International Journal of Risk & Safety in Medicine - Volume 2, issue 6
This is not exclusively a drugs journal. Recently it was decided to include in the subtitle of the journal three items to better indicate the scope of the journal, i.e. patient safety, pharmacovigilance and liability and the Editorial Board was adjusted accordingly. For each of these sections an Associate Editor was invited. We especially want to emphasize patient safety. Our journal wants to publish high quality interdisciplinary papers related to patient safety, not the ones for domain specialists. For quite some time we have also been devoting some pages in every issue to what we simply call WHO news. This affinity with WHO underlines both the International character of the journal and the subject matter we want to cover. Basic research, reports of clinical experience and overviews will all be considered for publication, but since major reviews of the literature are often written at the invitation of the Editorial Board it is generally advisable to consult with the Editor in advance. Submission of news items will be appreciated, as will be the contribution of letters on topics which have been dealt with in the journal.
Abstract: During the period 1968–88 a total of 27,938 reports on adverse drug reactions (ADR) were received through the voluntary reporting system in Denmark, of which 713 concerned fatal reactions. Excluding cases of overdosage, congenital malformations and unclassifiable reactions, 590 reports were selected for analysis. Of 215 drugs involved, 41% were marketed before 1968. When corrected for drug consumption figures no significant differences in incidence were found with age and gender. The most frequently reported drug groups were antirheumatics (92), cytostatics (54), antibiotics (53) and oral contraceptives (50). Over-the-counter drugs were involved in 13 reports. Fatal drug interactions were reported in…17 cases. In general the duration of treatment was longer in cases of fatal ADR than the average for ADR as a whole. The diagnoses most frequently reported were bone marrow depression (105), “sudden unexpected death” (57), anaphylactic shock (30) and malignant disease (23). The incidence of fatal thromboembolism involving oral contraceptives was halved following the withdrawal of high-estrogen preparations resulting in an incidence over the period 1983–88 of 1 per 141, 000 user years. The corresponding figure concerning non-steroidal antiinflammatory agents was 1 fatal ADR per 26,000 treatment years. Halothane-induced hepatic damage was reported in 33 cases during 1968–83, but only in 2 cases over the period 1983–88. The number of fatal ADR following use of inhaled adrenergic antiasthmatics was 19 during 1968–83, but 0 during 1983–88 despite a sale corresponding to 360,000 treatment years. Lactate acidosis following oral antidiabetics was reported in 18 cases during 1968–78, but only in 1 during 1978–88 following the withdrawal of phenformin. The annual number of reported fatal ADR remained fairly constant throughout the period despite the introduction of numerous potent drugs. Subject to reservations reflecting the shortcomings inherent in a retrospective analysis of data from a voluntary ADR reporting system, the risk of a fatal ADR is considered extremely low, being estimated at 6 per million inhabitants per year and 1 per 180,000 treatment years.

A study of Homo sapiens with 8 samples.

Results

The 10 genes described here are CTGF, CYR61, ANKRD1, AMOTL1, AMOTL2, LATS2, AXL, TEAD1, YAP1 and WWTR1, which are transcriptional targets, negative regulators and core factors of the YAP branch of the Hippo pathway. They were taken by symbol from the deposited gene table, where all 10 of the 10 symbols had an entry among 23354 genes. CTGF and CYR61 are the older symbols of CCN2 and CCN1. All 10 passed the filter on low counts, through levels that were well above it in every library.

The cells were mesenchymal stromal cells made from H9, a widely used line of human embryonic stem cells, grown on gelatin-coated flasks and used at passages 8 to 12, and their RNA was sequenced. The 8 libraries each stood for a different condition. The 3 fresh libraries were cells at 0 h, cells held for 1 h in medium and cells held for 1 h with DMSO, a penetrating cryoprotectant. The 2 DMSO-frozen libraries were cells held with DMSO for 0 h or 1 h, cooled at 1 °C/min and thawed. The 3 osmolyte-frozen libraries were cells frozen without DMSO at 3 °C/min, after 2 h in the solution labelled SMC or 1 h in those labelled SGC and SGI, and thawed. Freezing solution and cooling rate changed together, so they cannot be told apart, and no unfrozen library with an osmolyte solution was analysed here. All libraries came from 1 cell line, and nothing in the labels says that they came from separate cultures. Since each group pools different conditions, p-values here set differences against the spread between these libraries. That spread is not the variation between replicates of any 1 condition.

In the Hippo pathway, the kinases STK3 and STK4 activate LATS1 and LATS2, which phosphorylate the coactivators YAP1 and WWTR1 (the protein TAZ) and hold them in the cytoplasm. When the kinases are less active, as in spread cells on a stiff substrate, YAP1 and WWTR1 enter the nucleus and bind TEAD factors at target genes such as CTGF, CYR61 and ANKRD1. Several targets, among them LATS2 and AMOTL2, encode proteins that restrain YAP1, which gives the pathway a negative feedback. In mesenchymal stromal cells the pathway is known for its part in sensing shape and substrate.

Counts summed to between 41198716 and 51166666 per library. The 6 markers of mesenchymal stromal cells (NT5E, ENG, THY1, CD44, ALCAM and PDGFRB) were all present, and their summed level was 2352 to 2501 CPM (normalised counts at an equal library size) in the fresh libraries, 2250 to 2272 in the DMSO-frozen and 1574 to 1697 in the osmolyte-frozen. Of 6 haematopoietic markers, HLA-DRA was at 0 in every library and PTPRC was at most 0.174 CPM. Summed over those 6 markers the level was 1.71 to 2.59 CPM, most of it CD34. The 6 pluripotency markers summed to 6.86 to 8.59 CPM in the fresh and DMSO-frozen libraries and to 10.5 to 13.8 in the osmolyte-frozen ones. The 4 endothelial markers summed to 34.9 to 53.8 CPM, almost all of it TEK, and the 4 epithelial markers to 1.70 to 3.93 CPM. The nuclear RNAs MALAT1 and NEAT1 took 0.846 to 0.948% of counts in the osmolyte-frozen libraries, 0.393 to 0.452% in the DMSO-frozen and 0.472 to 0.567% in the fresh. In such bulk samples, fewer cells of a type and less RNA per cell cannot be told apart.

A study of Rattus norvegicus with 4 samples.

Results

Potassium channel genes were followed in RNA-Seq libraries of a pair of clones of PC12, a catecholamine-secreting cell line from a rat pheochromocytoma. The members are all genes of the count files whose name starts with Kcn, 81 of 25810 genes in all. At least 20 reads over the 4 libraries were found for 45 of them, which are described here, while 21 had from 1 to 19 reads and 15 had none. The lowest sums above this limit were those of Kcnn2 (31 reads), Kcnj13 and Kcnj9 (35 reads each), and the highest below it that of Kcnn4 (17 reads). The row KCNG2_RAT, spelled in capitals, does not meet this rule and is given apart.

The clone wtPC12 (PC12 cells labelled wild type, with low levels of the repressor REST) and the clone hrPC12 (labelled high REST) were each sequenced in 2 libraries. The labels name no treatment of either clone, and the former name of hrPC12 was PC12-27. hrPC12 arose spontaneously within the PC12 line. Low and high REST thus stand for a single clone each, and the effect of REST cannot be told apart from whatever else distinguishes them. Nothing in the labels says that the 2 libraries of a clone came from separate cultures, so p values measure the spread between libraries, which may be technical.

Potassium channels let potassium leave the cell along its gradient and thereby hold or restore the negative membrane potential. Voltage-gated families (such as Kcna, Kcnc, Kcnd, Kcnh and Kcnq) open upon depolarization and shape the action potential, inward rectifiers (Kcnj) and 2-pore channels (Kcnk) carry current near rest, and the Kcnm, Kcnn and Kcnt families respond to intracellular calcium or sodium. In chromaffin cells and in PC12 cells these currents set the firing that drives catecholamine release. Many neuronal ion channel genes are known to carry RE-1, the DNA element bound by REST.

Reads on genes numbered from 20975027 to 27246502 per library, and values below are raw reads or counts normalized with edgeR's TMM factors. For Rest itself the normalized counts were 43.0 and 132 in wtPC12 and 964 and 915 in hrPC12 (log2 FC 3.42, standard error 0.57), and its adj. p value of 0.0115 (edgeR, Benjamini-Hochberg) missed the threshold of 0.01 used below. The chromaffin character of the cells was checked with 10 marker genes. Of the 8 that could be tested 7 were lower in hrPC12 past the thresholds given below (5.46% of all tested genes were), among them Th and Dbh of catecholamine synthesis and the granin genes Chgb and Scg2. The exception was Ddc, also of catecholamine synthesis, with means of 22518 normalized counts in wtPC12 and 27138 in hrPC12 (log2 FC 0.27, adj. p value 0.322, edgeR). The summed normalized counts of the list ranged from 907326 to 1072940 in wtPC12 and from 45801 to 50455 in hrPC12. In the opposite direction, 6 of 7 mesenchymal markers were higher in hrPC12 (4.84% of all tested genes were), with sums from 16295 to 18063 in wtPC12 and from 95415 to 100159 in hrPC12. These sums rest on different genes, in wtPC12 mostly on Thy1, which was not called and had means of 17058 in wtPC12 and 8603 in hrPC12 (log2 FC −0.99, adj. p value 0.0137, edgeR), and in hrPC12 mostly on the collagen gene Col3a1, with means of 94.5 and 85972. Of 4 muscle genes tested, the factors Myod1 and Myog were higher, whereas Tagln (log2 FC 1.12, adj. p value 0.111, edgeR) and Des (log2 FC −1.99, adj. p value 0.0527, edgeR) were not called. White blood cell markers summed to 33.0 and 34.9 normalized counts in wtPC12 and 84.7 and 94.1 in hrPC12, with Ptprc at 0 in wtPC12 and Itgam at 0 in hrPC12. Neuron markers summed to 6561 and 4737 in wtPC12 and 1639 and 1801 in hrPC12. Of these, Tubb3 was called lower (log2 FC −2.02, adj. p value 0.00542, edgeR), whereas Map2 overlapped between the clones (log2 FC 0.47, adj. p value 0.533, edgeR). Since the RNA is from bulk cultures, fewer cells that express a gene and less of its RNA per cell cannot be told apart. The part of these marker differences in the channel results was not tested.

Keywords: Fatal adverse drug reactions, Voluntary reporting
Abstract: The risks of estrogens are a matter of concern both within the the medical community and in society at large. Estrogen products are a technology in manu medici. They have been prescribed and used in medical practice for over 180 bodily conditions. Experimentation with estrogens has from the 1930s been accompanied with warnings of the risks of cancer and other disease. Successively evidence of iatrogenic disease due to estrogens has accumulated but total consensus has not yet been reached. The social interaction over the risks of estrogens within the medical community as well as in society at large is described.…The societal evaluation of the risks of estrogens reveals that not only factual data but also values and culture influence the evaluation of medical technology.